If you’re suffering from depression or anxiety, learning to cook or bake could be a way to help ease your symptoms according to a report in the Wall Street Journal. Cooking and baking classes are a form of occupational therapy known as behavioral activation that’s often used as a complement to antidepressant medication and conventional forms of talk therapy. Psychologists say it helps patients struggling with depression to focus on a specific, goal-oriented, confidence-building activity.
Cooking and Baking Boost Confidence
A 2004 study published in the British Journal of Occupational Therapy found that learning to bake helped people in mental health treatment build confidence while learning new skills. Baking lessons also inspired the patients to attend other therapy sessions. The patients reported that the baking lessons helped them find the daily structure they craved, and that it made them feel like an important member of a social group.
They also enjoyed sharing the products of their efforts with others, and felt validated by others’ enjoyment of their baked goods. The study participants reported an improvement in feelings of confidence and personal interconnections after just two baking classes.
Cooking Classes Teach Depressed Patients Valuable Skills
Counselors who promote the use of cooking and baking classes as occupational therapy say these lessons help people in difficult circumstances learn important life skills. Many people with mental illnesses have trouble keeping their occupational and day-to-day life skills sharp during a bout of mental illness symptoms, especially when those symptoms necessitate time in a treatment facility. While cooking and baking classes can’t replace psychotherapy or antidepressant medications like Abilify, they can help patients learn or hone skills like working toward a goal and avoiding procrastination. Group cooking and baking classes also help patients use and develop their social skills.
Not to mention, learning to cook and bake teaches patients a lot about healthy eating. For young patients especially, learning to cook healthy meals and eat healthfully is an important part of depression and anxiety treatment. Many young people with mental illness come from chaotic backgrounds and may not have learned to feed themselves at home.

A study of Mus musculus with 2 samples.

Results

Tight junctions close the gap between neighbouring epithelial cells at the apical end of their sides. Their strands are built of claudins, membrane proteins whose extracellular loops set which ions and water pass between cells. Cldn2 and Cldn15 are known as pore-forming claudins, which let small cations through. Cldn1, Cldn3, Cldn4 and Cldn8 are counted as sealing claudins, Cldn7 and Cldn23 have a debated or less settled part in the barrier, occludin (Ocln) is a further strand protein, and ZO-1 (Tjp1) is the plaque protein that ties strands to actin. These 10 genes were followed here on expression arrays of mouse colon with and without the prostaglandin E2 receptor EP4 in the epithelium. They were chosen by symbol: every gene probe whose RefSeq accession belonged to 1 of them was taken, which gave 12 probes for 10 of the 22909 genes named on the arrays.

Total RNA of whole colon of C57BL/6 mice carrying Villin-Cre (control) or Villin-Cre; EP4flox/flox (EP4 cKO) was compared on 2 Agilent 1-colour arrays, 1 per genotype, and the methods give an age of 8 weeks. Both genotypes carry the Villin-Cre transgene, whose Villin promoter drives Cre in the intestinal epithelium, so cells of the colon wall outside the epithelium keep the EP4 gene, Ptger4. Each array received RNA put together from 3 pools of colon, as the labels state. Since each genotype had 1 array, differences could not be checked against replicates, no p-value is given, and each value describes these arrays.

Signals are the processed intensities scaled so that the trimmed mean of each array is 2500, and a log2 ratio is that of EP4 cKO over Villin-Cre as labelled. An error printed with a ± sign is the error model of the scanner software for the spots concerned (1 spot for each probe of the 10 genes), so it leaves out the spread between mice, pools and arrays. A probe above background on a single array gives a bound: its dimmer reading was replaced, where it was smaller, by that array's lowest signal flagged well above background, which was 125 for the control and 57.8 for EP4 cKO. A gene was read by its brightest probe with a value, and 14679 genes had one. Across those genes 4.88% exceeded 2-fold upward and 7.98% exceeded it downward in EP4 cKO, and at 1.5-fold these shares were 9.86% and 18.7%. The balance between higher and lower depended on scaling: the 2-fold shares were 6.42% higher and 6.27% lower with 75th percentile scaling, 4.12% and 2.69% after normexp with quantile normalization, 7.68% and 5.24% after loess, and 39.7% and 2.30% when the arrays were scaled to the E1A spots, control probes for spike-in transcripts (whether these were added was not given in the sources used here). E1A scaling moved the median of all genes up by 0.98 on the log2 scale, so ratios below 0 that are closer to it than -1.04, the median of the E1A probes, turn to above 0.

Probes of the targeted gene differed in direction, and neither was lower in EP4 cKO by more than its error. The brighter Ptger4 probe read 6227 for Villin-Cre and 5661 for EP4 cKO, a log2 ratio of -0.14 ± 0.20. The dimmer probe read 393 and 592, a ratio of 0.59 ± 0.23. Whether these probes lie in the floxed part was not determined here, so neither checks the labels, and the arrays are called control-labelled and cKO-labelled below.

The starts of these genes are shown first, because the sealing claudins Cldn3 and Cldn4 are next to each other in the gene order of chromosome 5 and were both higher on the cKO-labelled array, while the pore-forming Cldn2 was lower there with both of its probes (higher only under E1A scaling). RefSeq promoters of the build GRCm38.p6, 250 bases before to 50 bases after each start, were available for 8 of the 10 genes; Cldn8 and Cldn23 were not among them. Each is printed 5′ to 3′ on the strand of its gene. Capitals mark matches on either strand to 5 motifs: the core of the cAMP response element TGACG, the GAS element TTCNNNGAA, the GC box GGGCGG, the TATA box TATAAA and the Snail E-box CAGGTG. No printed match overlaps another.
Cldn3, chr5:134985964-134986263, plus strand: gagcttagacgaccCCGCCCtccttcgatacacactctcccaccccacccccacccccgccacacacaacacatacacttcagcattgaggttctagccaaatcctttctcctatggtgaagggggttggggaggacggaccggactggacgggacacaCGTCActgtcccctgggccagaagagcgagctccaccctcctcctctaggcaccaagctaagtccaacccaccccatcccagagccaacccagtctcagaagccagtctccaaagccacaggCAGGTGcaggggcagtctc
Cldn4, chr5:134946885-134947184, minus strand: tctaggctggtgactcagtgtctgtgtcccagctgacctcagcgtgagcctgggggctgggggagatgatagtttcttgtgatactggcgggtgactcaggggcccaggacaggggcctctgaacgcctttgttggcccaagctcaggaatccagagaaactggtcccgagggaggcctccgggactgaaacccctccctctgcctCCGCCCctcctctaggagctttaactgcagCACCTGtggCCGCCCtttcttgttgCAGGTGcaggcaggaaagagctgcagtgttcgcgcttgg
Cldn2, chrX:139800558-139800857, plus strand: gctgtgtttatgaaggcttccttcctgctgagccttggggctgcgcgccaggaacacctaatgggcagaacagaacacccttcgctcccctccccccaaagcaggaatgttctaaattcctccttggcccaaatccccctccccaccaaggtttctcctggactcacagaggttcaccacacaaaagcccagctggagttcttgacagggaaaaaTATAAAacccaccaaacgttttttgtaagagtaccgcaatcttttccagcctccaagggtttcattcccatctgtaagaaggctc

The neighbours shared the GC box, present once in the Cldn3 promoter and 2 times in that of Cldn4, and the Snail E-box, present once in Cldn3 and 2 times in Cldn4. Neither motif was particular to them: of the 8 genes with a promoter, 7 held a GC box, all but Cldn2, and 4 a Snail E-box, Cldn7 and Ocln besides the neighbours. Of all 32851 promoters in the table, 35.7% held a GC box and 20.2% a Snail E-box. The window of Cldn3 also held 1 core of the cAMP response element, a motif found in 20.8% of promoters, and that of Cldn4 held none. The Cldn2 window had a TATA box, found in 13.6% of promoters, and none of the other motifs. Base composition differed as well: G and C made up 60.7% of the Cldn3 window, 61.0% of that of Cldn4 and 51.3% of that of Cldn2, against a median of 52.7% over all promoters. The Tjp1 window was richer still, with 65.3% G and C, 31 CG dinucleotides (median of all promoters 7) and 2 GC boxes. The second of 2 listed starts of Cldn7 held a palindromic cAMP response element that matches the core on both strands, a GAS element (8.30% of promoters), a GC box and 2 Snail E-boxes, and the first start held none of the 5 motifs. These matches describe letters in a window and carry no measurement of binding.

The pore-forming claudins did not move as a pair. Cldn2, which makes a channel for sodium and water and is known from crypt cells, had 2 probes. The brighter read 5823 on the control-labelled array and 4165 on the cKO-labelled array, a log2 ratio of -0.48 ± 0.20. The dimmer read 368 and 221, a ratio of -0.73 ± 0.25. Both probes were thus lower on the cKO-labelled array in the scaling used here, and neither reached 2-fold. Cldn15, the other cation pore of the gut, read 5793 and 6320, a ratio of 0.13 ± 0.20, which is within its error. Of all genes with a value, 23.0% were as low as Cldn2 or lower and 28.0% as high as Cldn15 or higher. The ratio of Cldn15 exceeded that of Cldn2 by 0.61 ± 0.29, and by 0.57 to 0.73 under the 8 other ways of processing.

Soothe Stress and Anxiety by Cooking or Baking
Many patients in mental health treatment facilities enjoy cooking and baking classes because engaging with a recipe gives them a mental respite from troubling memories and thoughts. Talk therapy can be particularly stressful and overwhelming for people struggling with severe mental illness symptoms — especially those in residential programs where patients may be expected to engage in talk therapy, individually or in a group setting, for hours a day. Cooking and baking classes are, by contrast, a fun and relaxing activity that gets patients out of their heads and allows them to focus their attention on something other than ruminating on negative thoughts. Instead of focusing on the events and circumstances that led them into therapy, cooking classes allow mental illness patients to look ahead, and focus on getting better.
You don’t have to be in a mental health treatment facility to reap the benefits of cooking for depression. New England school teacher Sam Smith told the Wall Street Journal that, for her, baking was a powerful coping tool when she developed postpartum depression. Marian Keyes, an Irish novelist, published a 2012 memoir, “Saved by Cake,” that chronicles her baking-assisted recovery from depression. Other bakers have also reported using baking as a tool to help them work through periods of depression.
Baking or cooking can be relaxing and can boost your confidence. Sharing the food with others, or inviting loved ones to cook with you, can increase your social contact and break down the sense of isolation that many people with depression feel. But if you want to use cooking or baking to help ease your depression symptoms, exercise caution. Counselors emphasize that it’s important to make healthy ingredients and portion control a priority. People with depression are prone to weight gain, and it’s also a side effect of many antidepressant medications.
If you’re struggling with depression or anxiety and you think learning to cook might help, find a cookbook or class that emphasizes healthy ingredients and low-calorie recipes. If you eat what you cook, control your portion sizes. In the long run, you’ll be less likely to gain weight if you learn how to cook for yourself, because nutritionists say that people who cook their own meals eat less fast food and fewer calories overall. If baking is more your style, find ways to share your treats. You’ll benefit from the gratification of making others happy with your tasty homemade gifts, and you’ll avoid overeating and packing on extra pounds.
Those who learn how to cook gain more than a valuable life skill — they also acquire a tool that can help them battle feelings of depression and anxiety. Learning to bake can be a great way to boost your confidence, relax, tighten your bonds with others, and stay focused on the present instead of rehashing the past. So don’t wait — put on that apron and get cooking!